Remember the old movie "The Incredible Shrinking Man"? You know, the one where the main character begins to get smaller and smaller for some unknown reason. In no time, his perspective changes. Bread crumbs became mountains. Insects are turned into monsters. He lives in a new world.
This year, my children have spread out as far west as Kansas, while some of my students have come from as far east as China. There was a time when I thought the world was quite a big place: a fantasy somewhere over Lake Erie. Distant lands. Fascinating cultures. Not now. It seems the global village has camped out on my doorstep, and there is no telling who might be knocking. The world is shrinking while I am growing.
Our maple trees are leafless. As I walk along the streets near my house, bare branches spread over my head. For all the world they seem like the arms of Mother Nature doing her best to shelter us all from the harsh winds of change and cold. Often I feel like I am walking through a painting. This is a sacred moment as the sunlight scatters along the branches. An ordinary side street becomes a Burchfield cathedral, complete with arches and spires formed by the architects of snow and wind.
The days are short; the nights are long. This is perfect for stargazing. Already I have spotted two meteorites streaking through the sky before 6 p.m. -- a personal record. On the darkest of nights, these exploding points of light are welcome reminders of the brighter days ahead.
Right overhead, the constellation Orion swings his hunter's club at some invisible prey. This evening, the planet Mars is dropping toward Lake Erie for a dip. A bright drop of blood in the zodiac. I shiver at the thought and remember the words of the poet Shelly: "If winter comes, can spring be far behind?"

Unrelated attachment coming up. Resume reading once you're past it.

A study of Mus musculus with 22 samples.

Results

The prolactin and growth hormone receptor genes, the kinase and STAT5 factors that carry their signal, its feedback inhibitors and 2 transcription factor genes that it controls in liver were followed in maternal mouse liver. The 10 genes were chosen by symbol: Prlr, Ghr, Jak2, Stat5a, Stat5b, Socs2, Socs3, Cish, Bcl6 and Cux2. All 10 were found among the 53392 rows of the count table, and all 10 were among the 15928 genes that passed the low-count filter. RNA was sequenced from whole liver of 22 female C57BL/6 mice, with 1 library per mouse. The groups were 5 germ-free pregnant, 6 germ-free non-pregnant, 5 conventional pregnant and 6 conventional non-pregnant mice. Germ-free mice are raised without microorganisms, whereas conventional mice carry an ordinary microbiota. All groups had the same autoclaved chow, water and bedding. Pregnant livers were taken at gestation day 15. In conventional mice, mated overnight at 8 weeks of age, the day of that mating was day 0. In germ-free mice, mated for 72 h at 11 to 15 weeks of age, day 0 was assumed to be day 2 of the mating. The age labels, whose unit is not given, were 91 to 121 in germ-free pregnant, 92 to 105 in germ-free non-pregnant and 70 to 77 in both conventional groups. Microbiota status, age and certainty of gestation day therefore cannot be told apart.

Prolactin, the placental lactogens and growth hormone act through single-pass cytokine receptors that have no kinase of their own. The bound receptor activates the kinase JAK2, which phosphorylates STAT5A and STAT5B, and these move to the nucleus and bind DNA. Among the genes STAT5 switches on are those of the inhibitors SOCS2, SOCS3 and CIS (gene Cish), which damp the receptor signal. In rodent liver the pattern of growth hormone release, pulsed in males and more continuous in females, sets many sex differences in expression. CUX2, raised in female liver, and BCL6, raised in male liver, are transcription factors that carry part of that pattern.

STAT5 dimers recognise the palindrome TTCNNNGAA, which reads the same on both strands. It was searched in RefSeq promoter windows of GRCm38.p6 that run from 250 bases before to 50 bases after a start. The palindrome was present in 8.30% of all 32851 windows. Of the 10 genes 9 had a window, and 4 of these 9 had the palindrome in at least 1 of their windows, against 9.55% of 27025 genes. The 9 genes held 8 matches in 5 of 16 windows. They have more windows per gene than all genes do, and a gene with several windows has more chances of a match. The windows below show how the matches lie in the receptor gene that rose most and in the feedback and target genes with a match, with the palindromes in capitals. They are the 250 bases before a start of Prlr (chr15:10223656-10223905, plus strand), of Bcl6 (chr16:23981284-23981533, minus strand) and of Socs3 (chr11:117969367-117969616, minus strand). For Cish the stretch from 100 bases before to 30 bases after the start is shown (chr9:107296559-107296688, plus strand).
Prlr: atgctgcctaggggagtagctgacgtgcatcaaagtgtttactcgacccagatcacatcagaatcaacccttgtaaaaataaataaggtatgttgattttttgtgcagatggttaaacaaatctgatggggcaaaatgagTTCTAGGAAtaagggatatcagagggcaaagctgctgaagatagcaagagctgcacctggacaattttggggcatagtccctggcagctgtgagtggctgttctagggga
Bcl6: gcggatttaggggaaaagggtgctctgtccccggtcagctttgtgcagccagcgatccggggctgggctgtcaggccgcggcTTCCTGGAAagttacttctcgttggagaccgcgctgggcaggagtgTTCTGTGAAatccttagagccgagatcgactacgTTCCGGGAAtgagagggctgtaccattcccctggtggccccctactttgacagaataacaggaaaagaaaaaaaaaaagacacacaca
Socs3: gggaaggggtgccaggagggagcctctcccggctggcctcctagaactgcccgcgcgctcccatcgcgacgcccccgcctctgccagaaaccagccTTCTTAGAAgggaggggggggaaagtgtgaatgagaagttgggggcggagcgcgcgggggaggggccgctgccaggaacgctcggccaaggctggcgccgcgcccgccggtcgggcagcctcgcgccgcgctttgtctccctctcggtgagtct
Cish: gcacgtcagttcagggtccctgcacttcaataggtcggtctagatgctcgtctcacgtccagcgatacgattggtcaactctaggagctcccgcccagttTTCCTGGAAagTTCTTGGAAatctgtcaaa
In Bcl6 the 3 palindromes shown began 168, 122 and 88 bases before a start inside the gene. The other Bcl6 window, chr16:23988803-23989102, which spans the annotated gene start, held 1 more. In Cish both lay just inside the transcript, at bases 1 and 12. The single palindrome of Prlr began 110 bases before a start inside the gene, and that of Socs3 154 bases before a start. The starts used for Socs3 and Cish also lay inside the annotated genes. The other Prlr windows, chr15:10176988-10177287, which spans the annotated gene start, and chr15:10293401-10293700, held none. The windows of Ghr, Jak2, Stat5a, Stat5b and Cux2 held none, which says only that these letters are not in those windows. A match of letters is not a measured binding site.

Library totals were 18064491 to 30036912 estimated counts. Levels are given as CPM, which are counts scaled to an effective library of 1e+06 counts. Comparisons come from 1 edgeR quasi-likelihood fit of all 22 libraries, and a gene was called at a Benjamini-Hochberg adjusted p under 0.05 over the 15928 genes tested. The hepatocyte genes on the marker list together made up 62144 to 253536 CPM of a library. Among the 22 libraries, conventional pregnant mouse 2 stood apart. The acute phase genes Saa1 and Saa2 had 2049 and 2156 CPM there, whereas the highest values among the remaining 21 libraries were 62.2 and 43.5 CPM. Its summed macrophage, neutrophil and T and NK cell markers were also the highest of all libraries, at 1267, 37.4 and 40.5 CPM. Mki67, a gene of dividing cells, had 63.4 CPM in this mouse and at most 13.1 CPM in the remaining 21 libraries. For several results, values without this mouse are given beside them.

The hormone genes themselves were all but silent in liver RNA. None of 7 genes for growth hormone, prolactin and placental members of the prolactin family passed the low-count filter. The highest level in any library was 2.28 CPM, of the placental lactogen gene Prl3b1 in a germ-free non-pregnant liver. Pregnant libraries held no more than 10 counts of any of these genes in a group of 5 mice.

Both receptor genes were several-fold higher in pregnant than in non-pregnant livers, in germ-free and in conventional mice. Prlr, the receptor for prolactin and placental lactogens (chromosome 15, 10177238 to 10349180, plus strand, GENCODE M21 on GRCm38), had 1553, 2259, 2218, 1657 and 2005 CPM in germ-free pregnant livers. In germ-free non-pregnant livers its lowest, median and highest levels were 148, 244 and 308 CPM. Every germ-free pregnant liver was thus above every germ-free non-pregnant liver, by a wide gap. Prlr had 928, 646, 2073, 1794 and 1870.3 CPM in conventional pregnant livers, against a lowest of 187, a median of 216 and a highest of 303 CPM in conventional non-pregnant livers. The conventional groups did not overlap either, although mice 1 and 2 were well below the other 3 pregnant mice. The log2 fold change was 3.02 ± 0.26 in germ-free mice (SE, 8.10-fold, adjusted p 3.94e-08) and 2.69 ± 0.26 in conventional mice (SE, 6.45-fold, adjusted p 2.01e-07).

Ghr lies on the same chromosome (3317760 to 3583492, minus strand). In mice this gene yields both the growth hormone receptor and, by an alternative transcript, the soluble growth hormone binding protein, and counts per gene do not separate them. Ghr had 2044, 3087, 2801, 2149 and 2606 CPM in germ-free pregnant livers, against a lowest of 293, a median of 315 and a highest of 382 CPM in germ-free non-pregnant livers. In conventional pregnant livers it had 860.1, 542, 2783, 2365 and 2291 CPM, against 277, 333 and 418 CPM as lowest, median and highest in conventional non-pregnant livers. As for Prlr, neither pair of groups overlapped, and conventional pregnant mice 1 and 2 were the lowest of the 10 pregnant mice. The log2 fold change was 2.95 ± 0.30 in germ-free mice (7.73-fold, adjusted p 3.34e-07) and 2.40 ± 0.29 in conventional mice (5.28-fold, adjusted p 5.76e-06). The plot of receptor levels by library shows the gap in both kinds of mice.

Now there's a light wind pushing me along through a transformed landscape. The snow-covered ground seems to brighten the neighborhood ahead. White light rising. A closer look reveals a wealth of diamonds sparkling in the snow. Familiar houses are transformed by glistening icicles and marshmallow roofs. A light snow is repainting the trees every few minutes.
There is something comical about walking on an icy night. People are sliding along the sidewalk in slow motion, moving somewhere between balance and catastrophe. Perhaps this is a sign for the new year as we reach for our balance between delights and disasters unknown.
I am grateful for these long, quiet nights. They provide a chance to reflect and an opportunity to regain perspective. Standing in my back yard at the end of this evening, the world feels small and comfortable again.
As the neighborhood lights go on, it's easier to find direction through the dark up ahead. It's all a matter of perspective. The evening stars shine steady. On a clear night like this, I can simply look up and spread out my arms. The big dipper floats just within my reach. That's 400 light years, at least. Tonight, the whole universe is within my grasp.
Now, when I step back through my front door, the incredible world continues to shrink and Kansas doesn't seem so far away after all.
Tom O'Malley, a teacher who lives in Buffalo, is grateful for the long, quiet nights of winter.